Guide to Offshore Bonds

 

 

 

Offshore bonds and NON-UK resident taxpayers

Tax changes announced in October 2007 have radically changed the tax planning landscape for non-domiciled UK tax residents, when it comes to investing in offshore bonds. ‘Non doms’ can still qualify for immunity from UK taxes on their offshore income and gains, provided they pay their subscription fee of £30,000 pa to the UK taxman.

But what about individuals for whom £30,000 is not justifiable relative to their offshore income? For people with only one source of funds from which they need to make remittances to the UK, one option is to use an offshore bond provided by a non UK resident insurance company.

These investments are deemed to be ‘non income producing assets’ and have their own unique tax treatment, which allows investors to withdraw up to 5 per cent of their original capital investment annually, with the tax deferred until such time as the investor chooses to encash the bond.

Another tax advantage is the ability to assign an investment bond to another person for tax purposes, without triggering tax charges. The other advantage is gross roll up of the fund.

This means that an offshore bond may suit someone who lives in the UK but is non-UK domiciled for tax purposes. They can invest in an offshore bond, and use the annual 5 per cent tax deferred withdrawal facility to remit income to the UK for living expenses.

For instance, if you were a non dom with £1m in an offshore investment bond, you could remit £50,000 (5 per cent of your £1m capital investment) to the UK each year without triggering any tax on the growth within the bond.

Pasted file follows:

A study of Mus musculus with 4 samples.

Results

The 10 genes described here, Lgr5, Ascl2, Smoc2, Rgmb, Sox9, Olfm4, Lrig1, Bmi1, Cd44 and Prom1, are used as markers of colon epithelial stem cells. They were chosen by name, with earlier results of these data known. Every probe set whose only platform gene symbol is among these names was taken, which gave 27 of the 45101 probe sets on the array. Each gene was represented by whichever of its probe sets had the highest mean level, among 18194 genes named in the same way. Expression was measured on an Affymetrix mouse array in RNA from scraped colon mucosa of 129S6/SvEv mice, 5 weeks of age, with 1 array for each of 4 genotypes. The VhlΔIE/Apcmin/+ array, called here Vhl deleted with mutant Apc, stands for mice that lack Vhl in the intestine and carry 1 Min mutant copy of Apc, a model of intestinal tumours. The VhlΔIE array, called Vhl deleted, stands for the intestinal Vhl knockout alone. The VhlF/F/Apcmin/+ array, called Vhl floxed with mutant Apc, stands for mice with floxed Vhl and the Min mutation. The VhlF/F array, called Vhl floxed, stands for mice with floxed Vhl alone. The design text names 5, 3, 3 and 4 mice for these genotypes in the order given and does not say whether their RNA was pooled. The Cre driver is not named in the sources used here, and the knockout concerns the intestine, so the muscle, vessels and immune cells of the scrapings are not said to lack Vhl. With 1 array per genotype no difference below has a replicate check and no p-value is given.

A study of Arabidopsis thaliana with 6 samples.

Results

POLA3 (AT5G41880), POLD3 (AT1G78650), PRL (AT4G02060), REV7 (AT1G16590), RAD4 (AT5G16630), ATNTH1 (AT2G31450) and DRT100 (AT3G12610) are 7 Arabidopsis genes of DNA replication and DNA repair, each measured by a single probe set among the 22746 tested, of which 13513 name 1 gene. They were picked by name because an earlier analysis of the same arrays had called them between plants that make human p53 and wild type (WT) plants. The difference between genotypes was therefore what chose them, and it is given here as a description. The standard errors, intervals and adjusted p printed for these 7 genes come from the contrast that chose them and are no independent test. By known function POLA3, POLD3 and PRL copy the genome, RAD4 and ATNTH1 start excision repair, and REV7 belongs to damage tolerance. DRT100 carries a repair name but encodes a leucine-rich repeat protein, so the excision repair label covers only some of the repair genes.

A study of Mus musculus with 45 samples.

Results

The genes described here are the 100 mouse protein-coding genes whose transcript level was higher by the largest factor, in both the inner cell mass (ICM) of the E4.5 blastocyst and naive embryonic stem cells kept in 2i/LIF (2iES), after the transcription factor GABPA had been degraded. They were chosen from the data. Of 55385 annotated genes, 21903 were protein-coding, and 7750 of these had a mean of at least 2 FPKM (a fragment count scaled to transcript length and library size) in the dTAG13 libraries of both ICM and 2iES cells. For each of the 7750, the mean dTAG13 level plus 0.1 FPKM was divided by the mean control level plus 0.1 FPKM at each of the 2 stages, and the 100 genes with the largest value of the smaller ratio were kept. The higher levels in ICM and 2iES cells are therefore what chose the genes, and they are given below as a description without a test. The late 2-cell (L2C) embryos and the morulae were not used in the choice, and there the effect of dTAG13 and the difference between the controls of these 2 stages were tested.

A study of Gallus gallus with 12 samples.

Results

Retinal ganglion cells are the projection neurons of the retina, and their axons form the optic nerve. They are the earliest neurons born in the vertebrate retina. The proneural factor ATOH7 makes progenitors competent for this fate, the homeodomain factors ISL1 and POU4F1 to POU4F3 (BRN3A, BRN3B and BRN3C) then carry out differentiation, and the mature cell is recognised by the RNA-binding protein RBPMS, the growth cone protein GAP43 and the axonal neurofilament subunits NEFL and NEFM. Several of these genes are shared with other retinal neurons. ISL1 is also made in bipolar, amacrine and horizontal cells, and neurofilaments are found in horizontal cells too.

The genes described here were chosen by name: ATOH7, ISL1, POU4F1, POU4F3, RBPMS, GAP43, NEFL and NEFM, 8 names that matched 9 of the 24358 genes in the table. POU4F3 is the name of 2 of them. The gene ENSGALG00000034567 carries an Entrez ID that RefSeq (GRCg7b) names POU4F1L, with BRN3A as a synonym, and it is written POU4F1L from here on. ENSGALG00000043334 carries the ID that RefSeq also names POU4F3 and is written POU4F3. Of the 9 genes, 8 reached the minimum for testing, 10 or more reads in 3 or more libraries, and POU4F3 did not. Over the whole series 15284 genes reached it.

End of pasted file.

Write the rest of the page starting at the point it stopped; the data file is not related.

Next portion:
At some time in the future, you could either leave the UK or assign the bond to another person who is not taxable in the UK and they could crystallise the gain, free of UK taxes.

Offshore bonds can also be used by those who have already accumulated offshore income and gains which are mixed with their offshore capital.

Under the new (and old) rules, remittances from these mixed funds would trigger a charge to UK tax. Going forward, unless the £30,000 annual ‘non dom’ tax charge is paid, any future income will be taxed on an arising basis.

In this case, and assuming that no income will be sent to the UK from this mixed fund, it can be reinvested in an offshore bond.

Income and gains within the bond will not be taxable going forward and the £30,000 tax charge can be avoided. Furthermore, withdrawals of up to 5 per cent of the original investment can be made and provided this is not remitted to the UK, it can be used to fund overseas expenses.

Offshore bonds and UK resident taxpayers

The arguments in favour of offshore bonds for ordinary UK residents, who are liable to standard UK income tax, are somewhat less clear cut.

Since the introduction of capital gains tax at a flat rate of 18 per cent, effective since 6 April 2008, makes investment in collective investments such as mutual funds and Oeics generally more attractive to UK resident taxpayers. This is because gains on collective investment funds are now taxed at 18 per cent CGT, after one’s £9,600 CGT exemption has been mopped up. Income from collective investment funds is taxed at 32.5 per cent.

Gains from investment bonds, by contrast, are taxed as income at 20 or 40 per cent, according to one’s marginal rate of tax.

However, everyone’s tax and financial circumstances are different, so it is advisable to seek advice from an independent financial adviser.